August 29, 1992
by Carey Kinsolving
Moses and the children of Israel are not the only ones who report having witnessed miracles in the desert.
Desert Storm’s most incredible story, says Marine Maj. Gen. Charles Krulak, was the “miracle well” that appeared out of nowhere to supply 100,000 gallons of water a day for U.S. soldiers.
One of Krulak’s fellow officers provides a bit more of an explanation for the discovery of the well, contending it was put there by the Saudis. But Krulak prefers to attribute its appearance to divine intervention on behalf of American troops who led the attack on Iraq during the 1991 war in the Persian Gulf.
Speaking in Washington recently at a luncheon sponsored by the Public Service Fellowship, and putting a spin on events that is unlikely to appear in Defense Department analyses, the two-star general recounted the circumstances that made possible the ground assault on Saddam Hussein’s forces.
Initially, Krulak said, he had been assigned to prepare supplies for the frontal assault by allied forces against Iraqi troops. As the threat of chemical warfare loomed, the need for ample water became more apparent. Decontamination procedures demand large amounts of water.
Krulak had water wells ready to supply 100,000 gallons a day for the ground offensive. But as the Iraqis dug in, Gen. Norman Schwarzkopf’s strategy changed. Krulak received orders to move his operation to a flat area called the “gravel plains,” 120 kilometers (74 miles) to the northwest.
Repeated attempts to dig for water produced nothing but desert dust. Krulak consulted oil company engineers and Saudi Bedouins familiar with the area. Still dry holes.
Krulak had exhausted all resources except one he consults every morning. Since 1977, Krulak has made a habit of praying with any staff members who wish to join him at 7:15 a.m. “I was on my knees every day praying for water,” Krulak said.
On Sunday before church with only a few days remaining before the ground attack, a colonel interrupted the early morning prayer with a request for Krulak to accompany him. When Krulak asked what it was the officer wanted him to see, the colonel said, “I don’t want to tell you, I want to show you.”
As the two traveled down a road built by the Marine Corps, they came upon a sight that could have been lifted from a script for the “Twilight Zone.” They saw what looked like a pipe rising out of the ground about 30 to 50 yards off the road.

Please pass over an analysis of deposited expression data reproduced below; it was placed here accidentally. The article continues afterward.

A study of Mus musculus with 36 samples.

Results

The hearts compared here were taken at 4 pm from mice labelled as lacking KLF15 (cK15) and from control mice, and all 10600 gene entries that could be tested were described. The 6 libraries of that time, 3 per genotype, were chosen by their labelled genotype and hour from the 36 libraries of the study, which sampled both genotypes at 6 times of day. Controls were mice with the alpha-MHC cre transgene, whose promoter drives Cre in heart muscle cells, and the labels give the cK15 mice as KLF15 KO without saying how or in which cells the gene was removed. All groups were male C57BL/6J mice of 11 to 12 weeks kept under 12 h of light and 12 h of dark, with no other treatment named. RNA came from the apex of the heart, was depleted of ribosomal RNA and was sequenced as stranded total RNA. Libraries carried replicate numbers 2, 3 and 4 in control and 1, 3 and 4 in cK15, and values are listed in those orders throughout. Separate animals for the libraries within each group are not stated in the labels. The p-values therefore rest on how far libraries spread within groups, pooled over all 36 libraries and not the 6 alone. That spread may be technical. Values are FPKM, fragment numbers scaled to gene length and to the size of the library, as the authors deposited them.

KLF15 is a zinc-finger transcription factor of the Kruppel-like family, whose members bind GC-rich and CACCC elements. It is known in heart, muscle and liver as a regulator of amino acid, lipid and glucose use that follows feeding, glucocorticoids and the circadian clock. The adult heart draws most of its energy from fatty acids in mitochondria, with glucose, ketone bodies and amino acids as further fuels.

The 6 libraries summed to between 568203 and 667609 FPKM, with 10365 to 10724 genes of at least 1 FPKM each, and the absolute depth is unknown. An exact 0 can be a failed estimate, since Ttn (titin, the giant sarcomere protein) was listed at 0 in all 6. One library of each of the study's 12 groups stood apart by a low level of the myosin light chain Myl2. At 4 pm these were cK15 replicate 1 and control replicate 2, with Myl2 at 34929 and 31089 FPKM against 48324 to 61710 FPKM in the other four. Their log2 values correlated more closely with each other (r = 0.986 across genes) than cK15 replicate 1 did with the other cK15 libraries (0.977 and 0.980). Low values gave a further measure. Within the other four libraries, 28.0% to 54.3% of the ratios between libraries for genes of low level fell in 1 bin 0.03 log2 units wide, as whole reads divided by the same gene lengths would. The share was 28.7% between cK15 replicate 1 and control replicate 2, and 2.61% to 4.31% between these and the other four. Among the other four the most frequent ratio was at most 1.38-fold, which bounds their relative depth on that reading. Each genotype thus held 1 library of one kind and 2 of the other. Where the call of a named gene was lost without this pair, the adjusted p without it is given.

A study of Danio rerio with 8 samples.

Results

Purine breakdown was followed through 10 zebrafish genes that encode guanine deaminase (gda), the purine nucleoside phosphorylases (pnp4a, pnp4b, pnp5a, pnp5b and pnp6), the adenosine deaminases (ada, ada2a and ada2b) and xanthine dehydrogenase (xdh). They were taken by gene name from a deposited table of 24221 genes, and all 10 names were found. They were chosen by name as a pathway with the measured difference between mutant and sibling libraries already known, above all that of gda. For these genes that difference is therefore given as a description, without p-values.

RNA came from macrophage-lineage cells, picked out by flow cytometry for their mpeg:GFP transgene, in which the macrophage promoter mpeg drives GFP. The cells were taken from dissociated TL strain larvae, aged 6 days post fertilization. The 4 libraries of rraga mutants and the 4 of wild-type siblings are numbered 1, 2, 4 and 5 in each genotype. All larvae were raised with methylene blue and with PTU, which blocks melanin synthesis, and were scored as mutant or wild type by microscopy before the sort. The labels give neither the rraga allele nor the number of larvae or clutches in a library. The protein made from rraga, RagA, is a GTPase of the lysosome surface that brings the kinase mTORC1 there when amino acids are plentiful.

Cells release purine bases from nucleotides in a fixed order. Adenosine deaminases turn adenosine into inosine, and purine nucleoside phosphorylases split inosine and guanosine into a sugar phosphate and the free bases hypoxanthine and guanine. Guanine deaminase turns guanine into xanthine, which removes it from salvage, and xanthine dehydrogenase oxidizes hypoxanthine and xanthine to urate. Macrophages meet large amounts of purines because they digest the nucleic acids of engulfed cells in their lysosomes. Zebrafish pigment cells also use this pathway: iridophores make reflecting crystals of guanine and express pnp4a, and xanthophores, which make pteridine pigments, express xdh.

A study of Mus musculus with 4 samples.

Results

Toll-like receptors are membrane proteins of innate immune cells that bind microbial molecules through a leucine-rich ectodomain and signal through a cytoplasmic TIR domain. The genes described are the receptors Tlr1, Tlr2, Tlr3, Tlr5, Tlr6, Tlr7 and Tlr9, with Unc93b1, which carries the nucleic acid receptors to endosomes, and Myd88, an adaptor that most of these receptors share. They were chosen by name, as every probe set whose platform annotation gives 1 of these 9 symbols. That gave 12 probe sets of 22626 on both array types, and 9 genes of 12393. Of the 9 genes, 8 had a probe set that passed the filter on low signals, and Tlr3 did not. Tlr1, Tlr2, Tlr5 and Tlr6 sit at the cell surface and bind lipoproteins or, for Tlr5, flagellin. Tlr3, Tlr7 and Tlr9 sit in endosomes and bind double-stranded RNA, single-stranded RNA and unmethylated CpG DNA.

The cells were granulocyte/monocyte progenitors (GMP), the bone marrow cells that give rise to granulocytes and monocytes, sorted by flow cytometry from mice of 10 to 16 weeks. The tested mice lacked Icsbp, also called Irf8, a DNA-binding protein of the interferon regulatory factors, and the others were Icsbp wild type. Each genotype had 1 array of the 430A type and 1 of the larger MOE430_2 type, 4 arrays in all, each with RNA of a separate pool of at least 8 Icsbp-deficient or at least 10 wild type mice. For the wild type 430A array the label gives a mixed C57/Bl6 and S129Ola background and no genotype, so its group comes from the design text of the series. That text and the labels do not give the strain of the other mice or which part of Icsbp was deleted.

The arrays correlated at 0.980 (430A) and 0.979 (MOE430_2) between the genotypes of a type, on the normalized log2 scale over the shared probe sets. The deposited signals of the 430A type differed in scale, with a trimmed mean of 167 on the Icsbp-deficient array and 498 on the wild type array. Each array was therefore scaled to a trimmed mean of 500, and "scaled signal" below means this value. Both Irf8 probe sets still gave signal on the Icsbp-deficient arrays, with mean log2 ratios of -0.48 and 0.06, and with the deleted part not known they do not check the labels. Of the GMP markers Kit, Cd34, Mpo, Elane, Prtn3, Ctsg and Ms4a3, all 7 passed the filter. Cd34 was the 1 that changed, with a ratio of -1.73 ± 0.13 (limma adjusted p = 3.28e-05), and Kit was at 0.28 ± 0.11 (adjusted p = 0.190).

“As it came up, a cross was formed by a crossbar protruding from the pipe,” Krulak said. What they saw next left one general and one colonel incredulous: a brightly painted red pump at the base of the pipe, a green diesel generator, four new batteries still wrapped in plastic and 1,000 gallons of diesel fuel stored in a tank above the ground.
Krulak noted that American forces did not use diesel fuel. All the equipment was new, and everything seemed ready to go except for one minor detail: no key to start the generator.
Krulak looked at his officer and said, “God did not put this here to be defeated for lack of a key.”
Krulak pushed the start button and the new German-made generator turned over and the water started to flow. The well flowed within 10 gallons of the 100,000 a day needed for the assault. Krulak can’t even recall how many times he had traveled down the road that ran by the pipe. And he wasn’t the only one. A division of men, 20,000 troops, had also traveled it.
There was no way anyone could have driven down that road and not seen that well and equipment painted in multiple colors,” said Krulak, who firmly believes that the well appeared as an answer to prayer.
Col. John Woodhead, Krulak’s chief of staff during Desert Storm, said the well could have been put there by Saudis. It was not usual, he said, for the Saudis to equip a well and then abandon it. Nevertheless, Woodhead said he supported Krulak’s interpretation of events.
“Even if the well had already been there, its discovery came at exactly the right time,” he said.
One has to either accept the blind roll of the dice or believe that things happen for a reason.”
Although the water problem was solved, the threat of biological warfare remained. Some military experts predicted heavy casualties. But Krulak believes God performed another miracle in answer to prayer. Fifteen minutes before the 4 a.m. ground attack on Feb. 24, the wind shifted, blowing from southwest to northeast. The wind has always blown in the same direction in that part of the world, Krulak said.
The shift in the wind neutralized the threat of poison gas because the wind would have blown the gas back toward the Iraqis. Within a few minutes after Schwarzkopf issued ceasefire orders on Feb. 28, the wind shifted back to its normal direction. “That is the power of prayer,” Krulak said.
As Desert Storm wound down, Krulak held his last prayer meeting of the war at the site of what has been named the “miracle well.”